AIFF Media Team
NEW DELHI: In a bid to restructure and revitalise football activities within public sector enterprises, the Federation announced in April, that they would launch an Institutional League at the national level that would provide an avenue for players employed by them. The 10-team league will be played on a home and away basis, with entries decided via a bidding process.
Even at this early stage of ideation and development, the news has been received with enthusiasm and excitement, especially among players and coaches who have a history of success with PSU teams.
Dronacharya awardee Bimal Ghosh, widely regarded as one of India finest coaches, was enthused at the possibility of the league and expected it to boost and revitalise recruitment and employment within the sector. Ghosh coached Air India for over a decade at a time when the team played in the National Football League and the Hero I-League.
“In my opinion, the gradual reduction and death of institutional teams was a big blow for players who desired economic safety nets and jobs,” Ghosh says. “This move will definitely increase recruitment and even encourage many PSUs to start hiring more footballers which in turn will have a domino effect on the overall grassroots itself. Youngsters will play the game more, just knowing that they could get a job through it.”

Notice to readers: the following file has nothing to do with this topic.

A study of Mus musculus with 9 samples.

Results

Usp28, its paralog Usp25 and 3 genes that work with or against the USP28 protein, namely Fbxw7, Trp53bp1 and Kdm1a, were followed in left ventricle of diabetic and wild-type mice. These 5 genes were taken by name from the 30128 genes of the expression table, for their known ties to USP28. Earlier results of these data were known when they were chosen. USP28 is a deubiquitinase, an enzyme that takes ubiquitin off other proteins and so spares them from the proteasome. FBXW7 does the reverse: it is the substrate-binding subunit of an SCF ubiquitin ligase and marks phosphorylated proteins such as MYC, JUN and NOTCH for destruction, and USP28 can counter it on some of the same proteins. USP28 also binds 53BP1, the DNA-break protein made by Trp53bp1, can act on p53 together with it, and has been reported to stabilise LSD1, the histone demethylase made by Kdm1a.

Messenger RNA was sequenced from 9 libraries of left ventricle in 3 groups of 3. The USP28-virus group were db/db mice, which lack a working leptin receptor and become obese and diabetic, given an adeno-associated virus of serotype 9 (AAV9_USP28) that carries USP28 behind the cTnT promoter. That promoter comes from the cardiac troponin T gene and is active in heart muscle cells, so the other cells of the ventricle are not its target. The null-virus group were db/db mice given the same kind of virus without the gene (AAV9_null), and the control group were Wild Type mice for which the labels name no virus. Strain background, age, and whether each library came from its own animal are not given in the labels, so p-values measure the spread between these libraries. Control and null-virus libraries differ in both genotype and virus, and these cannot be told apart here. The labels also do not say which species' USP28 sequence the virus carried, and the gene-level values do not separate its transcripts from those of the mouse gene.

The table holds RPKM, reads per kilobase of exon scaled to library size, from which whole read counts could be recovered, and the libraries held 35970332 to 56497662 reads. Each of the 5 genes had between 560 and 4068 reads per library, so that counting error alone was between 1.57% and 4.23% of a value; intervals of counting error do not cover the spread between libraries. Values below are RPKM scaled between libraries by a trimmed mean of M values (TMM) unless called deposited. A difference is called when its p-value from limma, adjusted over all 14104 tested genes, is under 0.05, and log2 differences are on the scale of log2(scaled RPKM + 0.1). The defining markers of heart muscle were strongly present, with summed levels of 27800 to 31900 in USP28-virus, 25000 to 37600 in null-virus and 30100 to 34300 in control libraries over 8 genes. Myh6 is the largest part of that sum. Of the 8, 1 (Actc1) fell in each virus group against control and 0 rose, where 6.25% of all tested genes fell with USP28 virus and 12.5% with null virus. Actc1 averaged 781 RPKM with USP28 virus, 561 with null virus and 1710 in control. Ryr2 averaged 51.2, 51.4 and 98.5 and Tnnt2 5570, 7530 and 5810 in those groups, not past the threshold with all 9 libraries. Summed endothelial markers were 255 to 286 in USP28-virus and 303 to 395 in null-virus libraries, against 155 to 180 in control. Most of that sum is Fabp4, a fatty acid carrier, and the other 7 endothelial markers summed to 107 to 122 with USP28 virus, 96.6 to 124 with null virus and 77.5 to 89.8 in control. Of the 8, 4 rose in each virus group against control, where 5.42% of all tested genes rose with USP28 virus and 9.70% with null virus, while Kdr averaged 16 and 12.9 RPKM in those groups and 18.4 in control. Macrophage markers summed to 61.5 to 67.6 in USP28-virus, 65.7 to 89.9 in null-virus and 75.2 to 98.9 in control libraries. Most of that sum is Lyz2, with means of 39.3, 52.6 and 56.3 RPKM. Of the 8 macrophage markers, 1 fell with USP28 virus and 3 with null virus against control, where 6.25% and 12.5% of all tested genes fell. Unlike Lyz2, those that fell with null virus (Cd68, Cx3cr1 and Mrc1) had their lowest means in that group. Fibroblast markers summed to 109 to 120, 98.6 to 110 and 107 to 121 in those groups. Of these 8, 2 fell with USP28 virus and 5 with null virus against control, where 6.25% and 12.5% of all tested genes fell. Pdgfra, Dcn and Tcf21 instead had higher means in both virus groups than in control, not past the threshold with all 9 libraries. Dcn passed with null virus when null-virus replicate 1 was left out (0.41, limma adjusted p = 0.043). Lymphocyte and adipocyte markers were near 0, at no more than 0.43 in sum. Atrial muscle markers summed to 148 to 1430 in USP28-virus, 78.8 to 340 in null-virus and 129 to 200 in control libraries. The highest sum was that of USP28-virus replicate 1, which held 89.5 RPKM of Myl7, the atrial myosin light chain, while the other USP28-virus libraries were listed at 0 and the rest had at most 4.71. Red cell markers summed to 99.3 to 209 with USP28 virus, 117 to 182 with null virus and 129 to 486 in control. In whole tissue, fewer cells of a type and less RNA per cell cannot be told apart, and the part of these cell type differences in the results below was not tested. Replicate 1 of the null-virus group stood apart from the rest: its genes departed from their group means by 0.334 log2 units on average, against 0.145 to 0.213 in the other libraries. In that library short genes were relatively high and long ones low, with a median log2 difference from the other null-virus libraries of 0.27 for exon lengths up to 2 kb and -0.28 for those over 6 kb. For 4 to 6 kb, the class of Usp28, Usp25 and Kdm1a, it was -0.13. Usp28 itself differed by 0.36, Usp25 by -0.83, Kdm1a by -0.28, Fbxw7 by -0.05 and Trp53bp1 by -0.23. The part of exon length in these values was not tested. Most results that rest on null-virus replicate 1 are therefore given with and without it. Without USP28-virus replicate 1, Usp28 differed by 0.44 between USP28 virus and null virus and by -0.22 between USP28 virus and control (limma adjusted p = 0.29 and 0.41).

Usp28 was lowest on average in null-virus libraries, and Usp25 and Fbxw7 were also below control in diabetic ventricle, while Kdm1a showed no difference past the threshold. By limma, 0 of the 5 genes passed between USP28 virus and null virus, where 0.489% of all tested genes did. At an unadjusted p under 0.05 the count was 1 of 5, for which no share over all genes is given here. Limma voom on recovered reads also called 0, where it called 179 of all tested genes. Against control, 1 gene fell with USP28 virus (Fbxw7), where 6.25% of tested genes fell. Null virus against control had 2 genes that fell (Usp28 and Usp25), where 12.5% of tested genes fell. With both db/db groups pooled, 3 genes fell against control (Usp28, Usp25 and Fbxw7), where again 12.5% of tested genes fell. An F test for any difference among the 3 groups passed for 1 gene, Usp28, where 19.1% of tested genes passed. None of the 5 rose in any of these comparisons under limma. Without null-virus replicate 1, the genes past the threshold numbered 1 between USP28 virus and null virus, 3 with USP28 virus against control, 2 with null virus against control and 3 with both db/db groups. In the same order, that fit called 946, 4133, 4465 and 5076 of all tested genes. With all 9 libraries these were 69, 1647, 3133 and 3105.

Ghosh, widely heralded as being the man responsible for the development of many players, who donned the India jersey — a list that includes Godfrey Pereira, Naushad Moosa, Mohammed Yusuf Ansari, Khalid Jamil, Steven Dias, Sanju Pradhan and Nirmal Chettri — says that despite burgeoning professional clubs and leagues across different states, the role of the PSU can never be undermined. Their infrastructure, ability to offer jobs and attract young sportspersons are huge reasons that many still go down the tried and tested route of the secured jobs.
“I don’t mean any offence when I say this, but the truth is that there are a handful of clubs in India that own their own facilities. On the other hand, PSUs own not just training grounds, but also have access to other infrastructure that is very good for development of younger players,” Ghosh says. “I believe that their recruitment and scouting processes, once revitalised, will prove hugely beneficial for Indian Football.”
Ghosh’s former club, Air India, are currently at the top of the MFA Elite Corporate League table, and while the vaunted coach isn’t involved with the team anymore he watches them from afar and tracks their progress.
“In the last few years, because of a lack of competitive opportunities and tournaments, across India many departments had reduced recruitment of footballers,” he says. “This is a huge loss not just to Indian Football but to the country’s economic development itself. Employment is a huge issue in India and youngsters with athletic abilities often rely on these mechanisms to secure their economic future and rise up from humble beginnings. This simple route to social upliftment was blocked.
“This decision to launch an institutional league is a great initiative. I believe it will also give players to elite clubs and to the National Team. Even if five players can get scouted, perform well and rise up to play professional football and even don the India jersey, I believe it will be a huge success.”